Wednesday, November 26, 2008

FDA Claims No Association between Fosamax and Atrial Fibrillation

The FDA recently released a statement saying that there is no connection between the drug Fosamax, used to treat osteoporosis, and an increased risk of atrial fibrillation. The FDA reviewed information for 19,687 patients who had taken a bisphosphonate like Fosamax and 18,358 patients who had taken a placebo. Each patient was monitored between 6 months to 3 years. They found that atrial fibrillation was rare (2 or fewer events per study) and that there was no clear link connecting these events to bisphosphonate drugs.

This FDA statement came after recent reports at the 74th annual American College of Chest Physicians conference suggesting that there is a connection between bisphosphonates and an irregular heart beat that can cause fainting, fatigue, heart failure, or stroke.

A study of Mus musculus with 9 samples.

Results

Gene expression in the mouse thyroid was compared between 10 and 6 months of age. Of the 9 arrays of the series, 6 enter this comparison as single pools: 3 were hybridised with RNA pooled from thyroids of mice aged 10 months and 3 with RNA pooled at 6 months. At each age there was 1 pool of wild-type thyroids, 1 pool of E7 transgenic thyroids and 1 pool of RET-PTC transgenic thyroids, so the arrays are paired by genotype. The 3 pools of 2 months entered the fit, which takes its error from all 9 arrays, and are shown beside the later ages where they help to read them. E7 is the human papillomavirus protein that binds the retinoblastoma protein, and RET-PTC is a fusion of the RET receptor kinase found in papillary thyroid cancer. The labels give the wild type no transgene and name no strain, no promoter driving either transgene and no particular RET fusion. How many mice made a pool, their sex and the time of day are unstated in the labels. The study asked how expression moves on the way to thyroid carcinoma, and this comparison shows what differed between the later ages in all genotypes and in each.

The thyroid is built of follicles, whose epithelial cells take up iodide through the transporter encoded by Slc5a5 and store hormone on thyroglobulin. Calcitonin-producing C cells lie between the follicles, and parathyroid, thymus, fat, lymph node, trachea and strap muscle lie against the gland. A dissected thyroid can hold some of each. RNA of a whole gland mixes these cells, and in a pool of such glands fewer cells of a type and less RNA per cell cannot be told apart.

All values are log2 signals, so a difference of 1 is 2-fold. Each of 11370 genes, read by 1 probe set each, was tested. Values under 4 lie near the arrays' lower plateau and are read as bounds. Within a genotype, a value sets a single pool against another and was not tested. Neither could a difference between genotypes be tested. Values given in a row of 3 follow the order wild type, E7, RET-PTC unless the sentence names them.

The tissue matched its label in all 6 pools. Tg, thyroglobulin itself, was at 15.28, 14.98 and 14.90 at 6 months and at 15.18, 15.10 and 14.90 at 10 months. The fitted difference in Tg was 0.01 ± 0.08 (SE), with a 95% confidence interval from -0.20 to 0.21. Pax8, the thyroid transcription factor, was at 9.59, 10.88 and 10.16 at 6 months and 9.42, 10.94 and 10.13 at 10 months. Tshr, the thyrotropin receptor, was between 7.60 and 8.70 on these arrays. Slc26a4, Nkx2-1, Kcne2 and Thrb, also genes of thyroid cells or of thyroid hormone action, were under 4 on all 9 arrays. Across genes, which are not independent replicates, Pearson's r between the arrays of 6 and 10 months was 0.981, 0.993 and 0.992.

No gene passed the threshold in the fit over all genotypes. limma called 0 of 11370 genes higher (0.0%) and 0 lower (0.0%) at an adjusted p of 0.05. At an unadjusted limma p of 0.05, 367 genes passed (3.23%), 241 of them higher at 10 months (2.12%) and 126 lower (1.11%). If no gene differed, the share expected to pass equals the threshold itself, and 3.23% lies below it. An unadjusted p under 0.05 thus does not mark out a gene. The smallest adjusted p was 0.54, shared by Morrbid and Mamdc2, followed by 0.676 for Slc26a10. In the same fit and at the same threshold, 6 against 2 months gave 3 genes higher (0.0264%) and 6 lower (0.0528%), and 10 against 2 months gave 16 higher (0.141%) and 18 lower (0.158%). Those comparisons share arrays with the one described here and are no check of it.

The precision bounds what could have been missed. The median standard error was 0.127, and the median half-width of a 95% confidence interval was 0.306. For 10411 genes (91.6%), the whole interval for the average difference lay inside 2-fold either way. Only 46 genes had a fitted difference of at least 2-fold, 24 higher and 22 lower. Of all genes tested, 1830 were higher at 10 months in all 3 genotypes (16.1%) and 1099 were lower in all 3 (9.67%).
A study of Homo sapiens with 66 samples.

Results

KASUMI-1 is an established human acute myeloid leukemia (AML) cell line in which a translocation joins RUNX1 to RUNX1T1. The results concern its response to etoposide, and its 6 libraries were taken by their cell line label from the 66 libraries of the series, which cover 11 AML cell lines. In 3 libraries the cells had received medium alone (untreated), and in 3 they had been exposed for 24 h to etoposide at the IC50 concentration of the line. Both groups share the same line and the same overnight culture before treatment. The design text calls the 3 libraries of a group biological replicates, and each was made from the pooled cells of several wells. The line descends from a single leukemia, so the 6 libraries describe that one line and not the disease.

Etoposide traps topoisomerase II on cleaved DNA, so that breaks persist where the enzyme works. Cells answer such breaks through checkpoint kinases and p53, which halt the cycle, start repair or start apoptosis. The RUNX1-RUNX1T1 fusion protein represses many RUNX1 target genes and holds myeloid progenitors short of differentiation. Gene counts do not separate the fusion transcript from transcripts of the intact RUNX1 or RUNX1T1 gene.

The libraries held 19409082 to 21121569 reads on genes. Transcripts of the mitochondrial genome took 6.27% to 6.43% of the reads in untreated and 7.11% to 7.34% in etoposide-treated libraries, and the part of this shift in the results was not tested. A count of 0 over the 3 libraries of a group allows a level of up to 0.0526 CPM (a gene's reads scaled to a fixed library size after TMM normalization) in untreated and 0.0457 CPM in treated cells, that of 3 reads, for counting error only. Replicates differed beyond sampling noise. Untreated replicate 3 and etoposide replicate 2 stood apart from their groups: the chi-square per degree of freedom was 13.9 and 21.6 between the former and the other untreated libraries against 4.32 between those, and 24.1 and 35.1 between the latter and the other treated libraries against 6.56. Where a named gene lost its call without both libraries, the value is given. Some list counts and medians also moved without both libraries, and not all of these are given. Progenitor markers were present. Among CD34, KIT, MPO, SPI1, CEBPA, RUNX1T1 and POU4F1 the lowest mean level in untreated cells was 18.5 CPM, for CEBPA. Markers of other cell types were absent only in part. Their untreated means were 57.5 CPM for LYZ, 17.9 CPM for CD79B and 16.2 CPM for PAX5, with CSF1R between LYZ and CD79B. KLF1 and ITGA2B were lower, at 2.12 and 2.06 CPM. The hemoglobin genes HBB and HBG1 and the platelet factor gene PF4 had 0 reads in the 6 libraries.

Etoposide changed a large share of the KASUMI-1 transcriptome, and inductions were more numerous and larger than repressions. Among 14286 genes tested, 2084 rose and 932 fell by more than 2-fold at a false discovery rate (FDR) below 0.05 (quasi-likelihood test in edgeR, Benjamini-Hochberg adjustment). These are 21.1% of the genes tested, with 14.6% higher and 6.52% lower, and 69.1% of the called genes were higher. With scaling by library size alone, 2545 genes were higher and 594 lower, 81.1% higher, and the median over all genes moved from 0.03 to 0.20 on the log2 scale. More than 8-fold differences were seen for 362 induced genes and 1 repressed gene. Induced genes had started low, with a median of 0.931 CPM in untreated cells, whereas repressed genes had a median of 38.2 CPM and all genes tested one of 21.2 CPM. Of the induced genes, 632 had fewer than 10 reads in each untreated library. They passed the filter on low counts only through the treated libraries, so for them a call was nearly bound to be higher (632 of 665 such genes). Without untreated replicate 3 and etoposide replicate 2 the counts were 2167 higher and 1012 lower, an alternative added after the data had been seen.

A study involving 16,000 patients at the University of Miami showed that patients taking Fosamax or Zometa (another popular bisphosphonate) could have a 68% increased risk of serious atrial fibrillation causing hospitalization or death. Yet, the total number of patients experiencing an irregular heart beat was small at 2.5 to 3.5 percent.

Another recent study published by the New England Journal of Medicine in May 2007 also suggested that bisphosphonates can increase the risk of this heart problem. Compared to the FDA data of 6 months to 3 years, this study lasted 5 years, ending in 1997. The results found that the risk for a serious irregular heart beat could be 50% higher in patients taking Fosamax compared to the placebo group.

With these conflicting reports it seems hard to know what to believe. One alternative is where you can get a non-biased report of individual’s experiences with Fosamax. Please add to this growing database of community reported information and review Fosamax.